Costa Mesa residents will likely see increased traffic on city streets and more noise during construction as Orange Coast College moves forward with its Vision 2020 plan for expansion, according to an environmental impact report.
The 486-page document released in June looks at how the college's 10-year expansion plan could affect the rest of the city in terms of aesthetics, traffic, pollution and noise.
The project would add traffic to the intersection of Harbor Boulevard and Adams Avenue, which is already one of the city's busier intersections, the report states.
The Coast Community College District, which OCC is part of, would need to contribute funds to improving the intersection by widening it or restriping southbound Harbor Boulevard to provide a second right-turn lane onto westbound Adams. In addition, the district would have to pay to widen or restripe eastbound Adams Avenue to provide a third left-turn lane onto northbound Harbor, the report states.
The city recently spent $3 million to improve traffic flow at Harbor and Adams, according to information on its website.
City officials are reviewing the environmental impact report, or EIR, and plan to give their input to the college within the next few weeks, said Public Services Director Ernesto Munoz.
The college's Vision 2020 plan includes six new structures: a business, math and computing center building; a parking structure, which will likely be housed across the street at the Fairgrounds; new physical education facilities; a solar panel carport area; a language arts and social sciences building; and a multidisciplinary building.
OCC also plans to expand the recycling center and remove several existing classrooms from the campus' interior.
Push to expand
The college has ramped up the development of new buildings over the past several years, in part because of Measure M, a $698-million bond that voters approved in 2012 to fund improvements at the district's three colleges, OCC officials said. Golden West College in Huntington Beach and Coastline Community College, which is based in Fountain Valley and has a campus in Newport Beach, are also part of the district.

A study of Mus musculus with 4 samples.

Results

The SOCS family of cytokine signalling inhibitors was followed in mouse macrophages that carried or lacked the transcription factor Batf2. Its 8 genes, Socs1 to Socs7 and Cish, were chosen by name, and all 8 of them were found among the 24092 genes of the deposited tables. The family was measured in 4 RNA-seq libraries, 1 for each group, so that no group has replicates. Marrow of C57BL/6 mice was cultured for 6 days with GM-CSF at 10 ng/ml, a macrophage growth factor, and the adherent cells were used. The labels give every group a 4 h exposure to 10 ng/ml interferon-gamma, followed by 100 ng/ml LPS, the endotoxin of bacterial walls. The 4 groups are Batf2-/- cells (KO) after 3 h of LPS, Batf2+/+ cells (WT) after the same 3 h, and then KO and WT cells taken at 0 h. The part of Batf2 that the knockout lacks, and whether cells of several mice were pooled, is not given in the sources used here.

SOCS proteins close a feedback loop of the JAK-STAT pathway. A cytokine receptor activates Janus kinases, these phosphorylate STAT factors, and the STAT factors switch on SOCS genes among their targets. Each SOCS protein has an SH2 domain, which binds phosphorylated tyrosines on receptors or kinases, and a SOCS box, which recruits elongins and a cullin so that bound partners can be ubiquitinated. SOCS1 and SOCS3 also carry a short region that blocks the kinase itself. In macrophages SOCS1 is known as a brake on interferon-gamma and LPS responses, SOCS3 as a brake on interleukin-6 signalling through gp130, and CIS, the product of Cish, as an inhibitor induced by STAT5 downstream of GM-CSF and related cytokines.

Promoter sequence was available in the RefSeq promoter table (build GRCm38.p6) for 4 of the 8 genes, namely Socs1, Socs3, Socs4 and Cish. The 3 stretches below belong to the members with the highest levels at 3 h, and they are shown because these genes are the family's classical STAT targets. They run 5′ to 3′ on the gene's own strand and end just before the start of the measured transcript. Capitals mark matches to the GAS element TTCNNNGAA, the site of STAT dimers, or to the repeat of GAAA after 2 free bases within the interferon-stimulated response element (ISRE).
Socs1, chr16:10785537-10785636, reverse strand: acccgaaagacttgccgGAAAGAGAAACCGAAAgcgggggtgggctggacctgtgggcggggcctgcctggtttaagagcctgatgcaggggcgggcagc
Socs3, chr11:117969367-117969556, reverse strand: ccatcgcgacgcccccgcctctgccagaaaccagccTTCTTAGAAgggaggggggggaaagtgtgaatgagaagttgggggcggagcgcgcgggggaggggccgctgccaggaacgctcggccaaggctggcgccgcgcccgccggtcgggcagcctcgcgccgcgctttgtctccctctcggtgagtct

OCC's campus is also facing a rapidly increasing student population, which necessitates more classroom space.
In 1956, just a few years after the campus was unveiled, the college served 1,500 students. By 2020, its enrollment will reach more than 28,000 students, according to the EIR.
"We're trying to create Orange Coast College for the next 50 years," said President Dennis Harkins.
At the same time, the college must balance the needs of residents who live behind Merrimac Way and across Adams, Harkins said.
Residents are unhappy
About 20 Costa Mesa residents, mostly from the College Park neighborhood behind Merrimac, attended a public forum Monday night where they called for increased transparency and information about the construction projects outlined in the EIR.
To comply with the California Environmental Quality Act, or CEQA, the college was required to distribute the report to neighbors within 500 feet of the college and give them 45 days to make their comments, which will be included in the final report presented to the district's board of trustees in September.
But many residents complained that they didn't receive the report at their homes and didn't have an adequate amount of time to review it and form questions.